There’s a lot to know about cyber-currencies, but these top 09 things you need to know about Bitcoin can offer a good start.
With all the excitement around Bitcoin, we think there are a few extra important pieces of information you should know. Here are our top 10 interesting facts about Bitcoin:
The first (legal) purchase with Bitcoin was pizza…there’s even a day dedicated to it
If you’re depressed hearing that the world spends its new, exciting currency mostly on illegal substances on the black market, you’ll be relieved, and amused to know that Laszlo Hanyecz—a Bitcoin holder and computer programmer—decided the best way to spend his bitcoins was on pizza.
He offered 10,000 bitcoins (about $40 back then) for two Papa John’s pizzas… At today’s price (December 18, 2017), that’s a pizza valued at… wait for it… more than $198 million.
You need to account for Bitcoin on your taxes
While the regulations for Bitcoin are still in the works, the U.S. government views it as a very real currency. According to the IRS, Bitcoin (and other cryptocurrencies) are capital assets just like stocks and bonds. If you don’t account for it like you do your other investments, you could be on the hook for tax evasion.
The FBI owns one of the largest Bitcoin wallets
A few years back, the FBI shut down the Silk Road—a major black market site. As with any black market site, Bitcoin was used frequently to make purchases. This means that the FBI inadvertently acquired all the bitcoins circulating around the site.
As of October, the FBI owns 1.5 percent of the world’s Bitcoin. That doesn’t sound like much in the grand scheme of things, but when you consider how few people in the world own a substantial amount of Bitcoin—1.5 percent is a huge amount for one entity to own.
It’s not just used on the black market
Yes, Bitcoin is used frequently on the black market due to its relative anonymity, but there are plenty of places, at least within the U.S., that allow Bitcoin transactions.
Microsoft, Dell, REEDS Jewelers, Expedia, and Overstock.com are just a few places that accept Bitcoin as a legitimate payment. As Bitcoin gains popularity, more and more places will likely allow the use of Bitcoin.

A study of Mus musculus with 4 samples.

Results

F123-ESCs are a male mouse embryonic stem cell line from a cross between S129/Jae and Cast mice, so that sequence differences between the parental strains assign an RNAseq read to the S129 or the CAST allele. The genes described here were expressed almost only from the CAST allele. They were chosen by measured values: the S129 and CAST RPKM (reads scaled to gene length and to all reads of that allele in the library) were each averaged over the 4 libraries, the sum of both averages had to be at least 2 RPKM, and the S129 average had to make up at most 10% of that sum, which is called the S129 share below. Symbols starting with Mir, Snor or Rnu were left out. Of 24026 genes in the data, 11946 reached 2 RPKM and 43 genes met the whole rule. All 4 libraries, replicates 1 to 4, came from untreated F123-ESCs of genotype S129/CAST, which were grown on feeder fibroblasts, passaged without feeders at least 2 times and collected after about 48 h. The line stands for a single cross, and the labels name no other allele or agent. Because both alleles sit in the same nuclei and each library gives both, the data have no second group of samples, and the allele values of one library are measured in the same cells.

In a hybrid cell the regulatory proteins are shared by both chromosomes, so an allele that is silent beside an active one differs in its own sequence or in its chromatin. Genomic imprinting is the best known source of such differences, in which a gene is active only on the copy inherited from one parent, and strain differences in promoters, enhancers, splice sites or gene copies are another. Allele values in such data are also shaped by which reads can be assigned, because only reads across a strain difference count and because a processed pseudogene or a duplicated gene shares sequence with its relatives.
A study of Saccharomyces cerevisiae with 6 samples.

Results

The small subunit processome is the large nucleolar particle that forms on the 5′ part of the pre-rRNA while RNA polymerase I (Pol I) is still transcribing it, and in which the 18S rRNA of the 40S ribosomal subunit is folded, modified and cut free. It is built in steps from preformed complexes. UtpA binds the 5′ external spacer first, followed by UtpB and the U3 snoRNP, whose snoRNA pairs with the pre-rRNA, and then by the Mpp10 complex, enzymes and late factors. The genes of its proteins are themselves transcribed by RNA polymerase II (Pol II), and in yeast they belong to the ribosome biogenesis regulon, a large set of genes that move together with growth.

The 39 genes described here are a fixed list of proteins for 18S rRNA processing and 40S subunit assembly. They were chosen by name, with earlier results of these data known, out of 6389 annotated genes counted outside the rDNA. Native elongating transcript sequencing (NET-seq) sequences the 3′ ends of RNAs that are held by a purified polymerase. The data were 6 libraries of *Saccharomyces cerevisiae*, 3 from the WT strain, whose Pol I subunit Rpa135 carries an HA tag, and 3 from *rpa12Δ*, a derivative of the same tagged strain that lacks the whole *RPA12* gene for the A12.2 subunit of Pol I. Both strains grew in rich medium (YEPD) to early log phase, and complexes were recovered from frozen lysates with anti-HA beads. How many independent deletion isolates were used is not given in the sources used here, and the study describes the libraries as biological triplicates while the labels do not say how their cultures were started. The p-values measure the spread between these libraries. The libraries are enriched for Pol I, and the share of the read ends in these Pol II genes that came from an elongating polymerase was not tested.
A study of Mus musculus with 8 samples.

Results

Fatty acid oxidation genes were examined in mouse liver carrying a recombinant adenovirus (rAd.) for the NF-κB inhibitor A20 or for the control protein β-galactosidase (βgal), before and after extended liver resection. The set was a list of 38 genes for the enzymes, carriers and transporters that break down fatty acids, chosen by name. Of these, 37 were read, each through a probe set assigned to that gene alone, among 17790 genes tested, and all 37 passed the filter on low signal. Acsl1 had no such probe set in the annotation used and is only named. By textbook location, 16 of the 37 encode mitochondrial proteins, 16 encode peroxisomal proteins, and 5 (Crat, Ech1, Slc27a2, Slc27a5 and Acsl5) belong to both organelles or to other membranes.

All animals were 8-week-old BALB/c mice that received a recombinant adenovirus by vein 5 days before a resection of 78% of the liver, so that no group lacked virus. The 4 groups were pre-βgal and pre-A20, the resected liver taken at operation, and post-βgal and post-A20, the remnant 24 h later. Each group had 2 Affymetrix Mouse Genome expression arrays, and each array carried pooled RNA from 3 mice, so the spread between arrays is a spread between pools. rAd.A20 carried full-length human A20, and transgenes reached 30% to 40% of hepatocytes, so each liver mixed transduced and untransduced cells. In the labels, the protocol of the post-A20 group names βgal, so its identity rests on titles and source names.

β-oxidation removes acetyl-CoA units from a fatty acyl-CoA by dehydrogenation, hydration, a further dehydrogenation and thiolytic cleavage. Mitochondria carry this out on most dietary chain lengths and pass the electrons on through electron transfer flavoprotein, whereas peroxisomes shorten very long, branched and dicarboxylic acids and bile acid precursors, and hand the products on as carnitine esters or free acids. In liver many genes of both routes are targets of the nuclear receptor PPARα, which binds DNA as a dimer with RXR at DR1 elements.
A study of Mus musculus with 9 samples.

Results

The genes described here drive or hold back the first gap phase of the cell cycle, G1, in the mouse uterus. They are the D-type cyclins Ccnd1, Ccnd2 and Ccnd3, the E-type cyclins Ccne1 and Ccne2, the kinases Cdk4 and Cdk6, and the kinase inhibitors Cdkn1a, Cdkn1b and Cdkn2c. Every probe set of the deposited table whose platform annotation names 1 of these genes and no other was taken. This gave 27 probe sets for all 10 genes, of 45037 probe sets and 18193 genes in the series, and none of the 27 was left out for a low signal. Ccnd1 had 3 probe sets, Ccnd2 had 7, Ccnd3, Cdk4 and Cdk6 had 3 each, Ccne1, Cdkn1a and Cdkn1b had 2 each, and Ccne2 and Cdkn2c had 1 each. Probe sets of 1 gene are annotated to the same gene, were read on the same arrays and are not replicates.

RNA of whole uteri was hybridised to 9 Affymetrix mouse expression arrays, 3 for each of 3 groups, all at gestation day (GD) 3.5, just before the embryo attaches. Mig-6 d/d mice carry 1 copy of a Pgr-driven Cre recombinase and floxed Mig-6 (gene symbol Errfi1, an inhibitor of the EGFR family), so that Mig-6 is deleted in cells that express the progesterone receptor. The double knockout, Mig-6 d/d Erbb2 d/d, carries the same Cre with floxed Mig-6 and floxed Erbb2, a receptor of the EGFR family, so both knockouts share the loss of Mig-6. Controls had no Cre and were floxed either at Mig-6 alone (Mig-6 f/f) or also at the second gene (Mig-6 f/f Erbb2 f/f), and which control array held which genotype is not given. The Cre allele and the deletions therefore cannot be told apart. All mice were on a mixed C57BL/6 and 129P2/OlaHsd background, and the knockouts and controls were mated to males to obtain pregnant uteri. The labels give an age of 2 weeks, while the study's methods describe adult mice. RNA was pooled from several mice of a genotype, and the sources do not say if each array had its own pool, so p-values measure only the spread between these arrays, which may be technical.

Bitcoin is more popular than you might think
At the time of the publishing of this article, the value of a single bitcoin is well over $14,000. That price would make anyone want to invest in Bitcoin—and people have started doing so more frequently. Even governments, such as China are trying to break into the Bitcoin world. Recently, China has tried to crackdown on their citizens buying and selling Bitcoin by closing exchanges, but that has only made it more popular.
Bitcoin has been called “the new gold.” Think about the Gold Rush and the country’s push to mine as much of it as possible. That’s how Bitcoin is now.
It’s not the only cyber currency
Even though Bitcoin gets all the media coverage, it’s not the only cyber currency in existence.
Ether, for example, is the next best known crypto-currency. Like Bitcoin, a limited amount (16 million) were created back in 2014.
Unlike Bitcoin, however, it exists within its own network—the Ethereum network. It’s used more for gambling and investing than everyday purchases.
There’s a limited amount
When Bitcoin was founded—the creator (see number six below) only made a limited amount. 21 million to be exact. Currently, over 16 million are in circulation, but more are being mined every day.
Different countries regard Bitcoin differently
Typically, Bitcoin is not regulated by national governments—which is part of the reason it’s so popular. But the laws around Bitcoin range from it being recognized as legal currency to being “discouraged” by governments.
Australia and Japan, for example, treat Bitcoin like any other form of currency. While Jordan and Lebanon have issued official statements saying they don’t support the use of Bitcoin. This doesn’t prevent citizens of these countries from using Bitcoin, however.
It’s not really anonymous
Trying to explain the entirety of why Bitcoin isn’t anonymous would take forever, and even I don’t understand it as well as hackers and other technology junkies.
Bitcoin isn’t completely anonymous.
Hackers and government agencies have the means to track pretty much anything, including Bitcoin. If someone can connect multiple nodes to the Bitcoin network, the combined data collected from these different nodes might be enough to determine where a transaction originated.